Six Tips to Help You Select the Appropriate Running Shoe
Appropriate running shoes are vital to the success and health of endurance runners. Selecting a shoe can be confusing, especially with buzz words like minimalist shoe, barefoot running, motion control, and over-pronation (to name a few). So, how do you select the right running shoe? The most important thing to remember is that running shoe selection needs to be customized to the individual. When the runner does not wear the appropriate shoes, it can lead to injury. Be cautious taking advice from retail employees, friends, and fitness magazines.
What do we know? Changing running shoes should have a purpose. If you are maintaining your typical mileage, training, and remain pain-free, you should stick with the same shoe choice—it already works for you. Increasing your mileage or training intensity may require footwear modification. However, these should be done in small increments with ample time for adjustment.
Here are six tips to help you select the appropriate running shoe for you:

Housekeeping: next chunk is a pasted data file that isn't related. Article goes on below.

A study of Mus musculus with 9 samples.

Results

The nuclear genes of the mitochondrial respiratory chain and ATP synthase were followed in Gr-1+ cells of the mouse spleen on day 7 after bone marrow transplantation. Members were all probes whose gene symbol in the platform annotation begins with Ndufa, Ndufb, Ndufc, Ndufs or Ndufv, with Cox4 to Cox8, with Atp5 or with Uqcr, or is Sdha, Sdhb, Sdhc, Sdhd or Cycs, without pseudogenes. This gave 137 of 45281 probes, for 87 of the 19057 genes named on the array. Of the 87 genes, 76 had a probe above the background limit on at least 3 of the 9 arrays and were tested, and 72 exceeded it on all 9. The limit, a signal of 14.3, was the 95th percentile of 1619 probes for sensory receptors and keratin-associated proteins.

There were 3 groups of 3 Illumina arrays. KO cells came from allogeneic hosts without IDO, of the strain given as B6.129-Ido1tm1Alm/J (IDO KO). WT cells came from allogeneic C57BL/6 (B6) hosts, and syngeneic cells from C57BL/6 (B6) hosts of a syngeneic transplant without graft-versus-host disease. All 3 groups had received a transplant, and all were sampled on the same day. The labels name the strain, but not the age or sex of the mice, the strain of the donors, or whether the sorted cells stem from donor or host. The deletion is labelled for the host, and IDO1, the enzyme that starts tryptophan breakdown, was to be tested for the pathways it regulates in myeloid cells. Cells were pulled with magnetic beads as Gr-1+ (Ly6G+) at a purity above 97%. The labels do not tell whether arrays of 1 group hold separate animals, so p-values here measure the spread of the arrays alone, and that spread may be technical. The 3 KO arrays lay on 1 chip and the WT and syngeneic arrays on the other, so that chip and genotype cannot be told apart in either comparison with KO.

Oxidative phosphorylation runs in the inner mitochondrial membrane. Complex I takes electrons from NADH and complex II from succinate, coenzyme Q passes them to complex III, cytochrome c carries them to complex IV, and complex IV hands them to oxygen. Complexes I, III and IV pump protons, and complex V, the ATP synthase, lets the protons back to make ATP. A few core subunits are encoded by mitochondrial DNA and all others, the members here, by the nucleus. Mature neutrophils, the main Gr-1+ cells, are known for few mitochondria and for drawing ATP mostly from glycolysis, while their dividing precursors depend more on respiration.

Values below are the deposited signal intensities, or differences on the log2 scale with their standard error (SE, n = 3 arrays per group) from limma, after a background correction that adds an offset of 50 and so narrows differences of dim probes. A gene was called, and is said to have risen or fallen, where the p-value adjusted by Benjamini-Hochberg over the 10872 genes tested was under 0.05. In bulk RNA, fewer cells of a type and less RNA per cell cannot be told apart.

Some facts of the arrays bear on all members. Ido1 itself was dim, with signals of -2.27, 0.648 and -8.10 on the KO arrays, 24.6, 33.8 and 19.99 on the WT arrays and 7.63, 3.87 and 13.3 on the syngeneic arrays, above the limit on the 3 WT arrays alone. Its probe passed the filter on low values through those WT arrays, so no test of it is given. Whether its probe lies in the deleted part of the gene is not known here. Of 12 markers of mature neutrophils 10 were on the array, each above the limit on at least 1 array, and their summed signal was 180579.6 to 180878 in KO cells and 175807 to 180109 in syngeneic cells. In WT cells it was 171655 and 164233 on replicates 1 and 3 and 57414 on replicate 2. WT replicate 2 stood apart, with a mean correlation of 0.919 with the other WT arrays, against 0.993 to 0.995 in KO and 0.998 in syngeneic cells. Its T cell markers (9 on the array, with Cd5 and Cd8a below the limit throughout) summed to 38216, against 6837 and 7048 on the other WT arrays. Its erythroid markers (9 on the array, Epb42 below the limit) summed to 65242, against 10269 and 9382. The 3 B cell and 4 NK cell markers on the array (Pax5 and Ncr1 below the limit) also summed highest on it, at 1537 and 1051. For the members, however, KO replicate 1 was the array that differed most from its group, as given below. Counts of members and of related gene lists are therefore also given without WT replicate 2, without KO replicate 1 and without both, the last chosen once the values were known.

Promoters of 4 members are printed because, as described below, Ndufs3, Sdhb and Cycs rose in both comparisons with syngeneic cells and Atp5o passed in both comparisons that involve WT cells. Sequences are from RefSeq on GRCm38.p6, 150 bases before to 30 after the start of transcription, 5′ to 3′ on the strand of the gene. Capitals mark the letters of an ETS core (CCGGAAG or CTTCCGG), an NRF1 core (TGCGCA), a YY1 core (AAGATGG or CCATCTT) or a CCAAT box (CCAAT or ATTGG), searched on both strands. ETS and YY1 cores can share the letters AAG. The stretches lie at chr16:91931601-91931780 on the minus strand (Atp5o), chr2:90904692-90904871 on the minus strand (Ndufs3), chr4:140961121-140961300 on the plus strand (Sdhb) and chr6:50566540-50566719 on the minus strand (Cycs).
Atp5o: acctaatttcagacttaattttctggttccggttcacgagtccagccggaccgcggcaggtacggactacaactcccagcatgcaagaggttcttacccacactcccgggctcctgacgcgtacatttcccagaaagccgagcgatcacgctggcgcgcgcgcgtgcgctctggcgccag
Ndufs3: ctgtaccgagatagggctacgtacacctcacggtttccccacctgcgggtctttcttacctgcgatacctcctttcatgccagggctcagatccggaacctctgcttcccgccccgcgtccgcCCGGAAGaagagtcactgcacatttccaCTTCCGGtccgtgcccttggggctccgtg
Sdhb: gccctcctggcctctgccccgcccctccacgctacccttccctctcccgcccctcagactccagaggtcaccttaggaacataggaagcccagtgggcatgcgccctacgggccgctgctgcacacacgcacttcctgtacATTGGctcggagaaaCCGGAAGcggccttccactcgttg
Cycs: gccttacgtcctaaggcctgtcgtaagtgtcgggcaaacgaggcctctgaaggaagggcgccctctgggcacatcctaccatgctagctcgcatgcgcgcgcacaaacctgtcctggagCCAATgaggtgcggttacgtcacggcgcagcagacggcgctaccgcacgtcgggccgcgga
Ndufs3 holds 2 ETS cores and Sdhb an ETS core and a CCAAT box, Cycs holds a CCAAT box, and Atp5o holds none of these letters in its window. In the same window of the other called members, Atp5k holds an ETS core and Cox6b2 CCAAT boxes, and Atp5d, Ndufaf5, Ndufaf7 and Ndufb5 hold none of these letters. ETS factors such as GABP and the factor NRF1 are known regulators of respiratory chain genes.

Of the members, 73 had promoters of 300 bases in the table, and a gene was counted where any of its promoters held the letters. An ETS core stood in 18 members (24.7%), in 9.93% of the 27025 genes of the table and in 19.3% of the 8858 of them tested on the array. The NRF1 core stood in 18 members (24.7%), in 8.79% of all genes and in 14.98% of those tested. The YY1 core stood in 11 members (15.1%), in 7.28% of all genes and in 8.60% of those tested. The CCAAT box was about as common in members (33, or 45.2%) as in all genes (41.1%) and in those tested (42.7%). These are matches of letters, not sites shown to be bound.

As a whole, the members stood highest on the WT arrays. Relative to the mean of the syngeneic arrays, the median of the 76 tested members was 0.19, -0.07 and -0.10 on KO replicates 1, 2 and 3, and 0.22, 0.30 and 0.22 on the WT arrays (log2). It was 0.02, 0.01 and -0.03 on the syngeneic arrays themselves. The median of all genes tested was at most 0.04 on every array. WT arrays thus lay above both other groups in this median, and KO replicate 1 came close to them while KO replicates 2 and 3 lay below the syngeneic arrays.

- Minimize drop: The difference in height between the toes and the heels is called the drop. Typical running shoes have a 12mm drop that can bias muscle utilization and cause imbalance in the legs. A drop of 8mm or less allows for more appropriate movement.
- Lightweight: Shoes that are lightweight have proven to reduce energy demands when compared to heavier shoes or even barefoot running.
- Mild cushioning: Shoes with too much cushioning fail to control, stabilize, and provide shock absorption. Over-cushioned shoes also decrease body awareness and cause the body to incorrectly compensate in the legs. Mild and somewhat firm cushioning are best and can provide minor energy conservation without the negative effects.
- Proper Fit: Shoes need to complement your foot’s structure and allow it to move naturally. The fit should keep your foot in its natural alignment and be comfortable. The front part of the shoe, called the toe box, should not be narrow, reducing your toes’ ability to assist in balance and stabilization.
- Replacement: Breakdown in shoes reaches a point where it starts influencing your movement around 200 miles. It is recommended that you do not train beyond 300 miles in a single pair.
- You are your best piece of equipment: While the appropriate shoe can provide benefits to keeping you healthy as a runner, they are not the most important part of the equation. Cross-training and good running form are the most significant factors to reduce injury and maintain health.
Ali Ladak PT, DPT is a physical therapist at MossRehab Center City, 2400 Market Street, Marketplace Design Center, Philadelphia, PA, 19103. For information, call 215-523-7600.